New Mars Rover to Raise Its Camera-Packed 'Head' Today

Mars rover Curiosity takes picture of Mount Sharp in Gale Crater
NASA's Mars rover Curiosity snapped this picture of Mount Sharp with its front Hazard Avoidance camera, or Hazcam. The photo was released by NASA on Aug. 6, 2012. (Image credit: NASA)

PASADENA, Calif. — NASA's Curiosity Mars rover will live up to its name today (Aug. 7), poking its robotic "head" out to take a look around for the first time since landing on the Red Planet.

Curiosity touched down late Sunday night inside Mars' huge Gale Crater (Aug. 5), pulling off an intricate and unprecedented sequence of maneuvers that ended with a rocket-powered sky crane lowering the 1-ton rover to the ground on cables.

Curiosity and its management team have since begun the months-long series of checkouts and tests that will get the rover ready for its two-year surface mission, which aims to determine if the Gale crater area is, or ever was, capable of supporting microbial life.

On Monday — the mission's first Martian day, or Sol 1 — the six-wheeled robot was slated to deploy its high-gain antenna, enabling better communications directly with Earth. The Curiosity team also planned to take a five-hour measurement with the rover's Radiation Assessment Detector, or RAD. [Gallery: Mars Rover Curiosity Landing Success]

And today, on Sol 2, Curiosity will untuck its instrument-studded head, which is officially known as the Remote Sensing Mast (RSM).

"The big thing on Sol 2 is the RSM deploy," said mission manager Mike Watkins, of NASA's Jet Propulsion Laboratory here. The mast hosts four navigation cameras, or navcams, and these should get their first workout today as well, Watkins added.

"We start to use the RSM to take our first deck panorama using the navcams," he told "So we do kind of the lower-tier, where you can see the rover deck, and then the middle tier. It's mostly of us, but you should see a little bit of the ground around us."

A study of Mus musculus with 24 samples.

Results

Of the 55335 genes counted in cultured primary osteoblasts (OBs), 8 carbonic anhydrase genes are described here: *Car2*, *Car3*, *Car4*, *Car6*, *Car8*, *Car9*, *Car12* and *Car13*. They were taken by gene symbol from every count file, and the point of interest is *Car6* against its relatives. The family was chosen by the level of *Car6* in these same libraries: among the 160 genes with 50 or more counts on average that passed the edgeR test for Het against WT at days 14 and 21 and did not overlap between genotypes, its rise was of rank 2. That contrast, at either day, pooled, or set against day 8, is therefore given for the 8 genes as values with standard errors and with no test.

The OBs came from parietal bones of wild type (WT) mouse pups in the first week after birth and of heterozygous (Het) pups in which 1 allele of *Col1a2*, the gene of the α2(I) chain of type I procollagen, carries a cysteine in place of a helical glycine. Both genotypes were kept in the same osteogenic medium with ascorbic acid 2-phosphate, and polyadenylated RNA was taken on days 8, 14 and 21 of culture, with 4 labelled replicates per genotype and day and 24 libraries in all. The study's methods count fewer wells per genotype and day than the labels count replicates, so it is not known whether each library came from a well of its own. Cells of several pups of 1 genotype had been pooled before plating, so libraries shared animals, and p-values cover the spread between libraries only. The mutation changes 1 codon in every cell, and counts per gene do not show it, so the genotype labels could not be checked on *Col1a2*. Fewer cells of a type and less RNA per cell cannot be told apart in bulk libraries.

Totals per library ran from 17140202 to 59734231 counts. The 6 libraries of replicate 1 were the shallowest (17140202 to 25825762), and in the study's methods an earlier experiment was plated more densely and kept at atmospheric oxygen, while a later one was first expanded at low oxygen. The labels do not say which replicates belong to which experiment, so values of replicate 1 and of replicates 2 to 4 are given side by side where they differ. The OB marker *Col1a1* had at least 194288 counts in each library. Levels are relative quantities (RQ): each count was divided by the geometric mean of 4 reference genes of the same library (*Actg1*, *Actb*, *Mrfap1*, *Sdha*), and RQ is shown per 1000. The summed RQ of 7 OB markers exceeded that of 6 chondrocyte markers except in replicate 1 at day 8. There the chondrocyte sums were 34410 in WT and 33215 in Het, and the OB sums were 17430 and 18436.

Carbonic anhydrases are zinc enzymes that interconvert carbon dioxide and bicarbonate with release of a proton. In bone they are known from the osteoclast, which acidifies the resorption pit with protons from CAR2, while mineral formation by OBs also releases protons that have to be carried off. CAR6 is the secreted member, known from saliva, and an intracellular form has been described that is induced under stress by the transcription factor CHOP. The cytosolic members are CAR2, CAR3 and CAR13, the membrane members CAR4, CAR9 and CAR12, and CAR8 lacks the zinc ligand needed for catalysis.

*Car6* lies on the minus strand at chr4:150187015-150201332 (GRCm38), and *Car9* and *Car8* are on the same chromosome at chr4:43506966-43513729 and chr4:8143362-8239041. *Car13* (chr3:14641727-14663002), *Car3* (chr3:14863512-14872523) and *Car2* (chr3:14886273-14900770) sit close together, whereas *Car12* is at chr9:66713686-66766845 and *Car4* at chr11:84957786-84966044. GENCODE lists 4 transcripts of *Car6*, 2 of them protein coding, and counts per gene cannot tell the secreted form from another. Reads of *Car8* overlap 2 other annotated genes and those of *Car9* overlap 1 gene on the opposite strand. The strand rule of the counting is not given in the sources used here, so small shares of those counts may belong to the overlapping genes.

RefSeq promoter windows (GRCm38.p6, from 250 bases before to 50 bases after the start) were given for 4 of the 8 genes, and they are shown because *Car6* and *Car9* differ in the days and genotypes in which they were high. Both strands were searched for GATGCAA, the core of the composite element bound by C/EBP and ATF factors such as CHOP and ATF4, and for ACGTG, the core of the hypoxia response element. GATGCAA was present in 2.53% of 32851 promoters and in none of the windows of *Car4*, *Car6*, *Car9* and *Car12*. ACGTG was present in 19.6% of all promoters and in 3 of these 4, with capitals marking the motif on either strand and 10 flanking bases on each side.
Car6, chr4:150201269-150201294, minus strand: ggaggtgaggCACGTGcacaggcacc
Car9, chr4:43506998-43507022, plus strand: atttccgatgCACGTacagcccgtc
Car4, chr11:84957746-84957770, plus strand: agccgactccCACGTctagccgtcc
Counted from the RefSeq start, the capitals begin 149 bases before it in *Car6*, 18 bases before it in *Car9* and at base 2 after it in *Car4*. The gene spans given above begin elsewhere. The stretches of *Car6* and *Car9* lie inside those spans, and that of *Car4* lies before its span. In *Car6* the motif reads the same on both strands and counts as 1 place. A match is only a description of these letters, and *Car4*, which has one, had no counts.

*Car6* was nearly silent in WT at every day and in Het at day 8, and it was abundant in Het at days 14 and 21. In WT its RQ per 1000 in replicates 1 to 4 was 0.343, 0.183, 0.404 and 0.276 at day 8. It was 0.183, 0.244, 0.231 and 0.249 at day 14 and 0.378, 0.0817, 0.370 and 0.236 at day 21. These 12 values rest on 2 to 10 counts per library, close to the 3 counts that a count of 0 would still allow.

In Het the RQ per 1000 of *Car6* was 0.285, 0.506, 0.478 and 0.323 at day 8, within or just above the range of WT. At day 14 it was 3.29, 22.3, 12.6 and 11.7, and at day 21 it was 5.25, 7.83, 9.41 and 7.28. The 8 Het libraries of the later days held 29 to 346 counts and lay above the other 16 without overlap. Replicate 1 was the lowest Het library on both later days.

These 360-degree black-and-white views should start coming down to Earth on Sol 3 and Sol 4, Watkins said. They won't be the first images from Curiosity; the rover has already beamed home Mars pictures its hazard-avoidance cameras took immediately after landing.

The RSM also holds two high-resolution color "Mastcams" and an instrument called ChemCam, which will fire a laser at rocks and then determine their composition by analyzing the vaporized bits. The first navcam photos will stay close to the ground, to ensure ChemCam stays safe.

"We're trying to be a little bit cautious with pointing ChemCam at the sun and stuff like that," Watkins said.

Caution and patience are key in these early days, team members have stressed. The $2.5 billion Curiosity is the most complex and capable robotic explorer ever launched to another world, NASA officials say, and fully vetting the rover and its 10 science instruments is the first order of business on Mars.

While the checkout process will likely take several months, Curiosity will be gathering data all the while. Another big milestone should come in a few weeks, when the rover moves its wheels for the first time, Watkins said.

"I would say a couple of weeks is a good number for that," he said. "And it will be quite a short drive — you know, a meter or two or something."

Senior Space Writer

Michael Wall is a Senior Space Writer with and joined the team in 2010. He primarily covers exoplanets, spaceflight and military space, but has been known to dabble in the space art beat. His book about the search for alien life, "Out There," was published on Nov. 13, 2018. Before becoming a science writer, Michael worked as a herpetologist and wildlife biologist. He has a Ph.D. in evolutionary biology from the University of Sydney, Australia, a bachelor's degree from the University of Arizona, and a graduate certificate in science writing from the University of California, Santa Cruz. To find out what his latest project is, you can follow Michael on Twitter.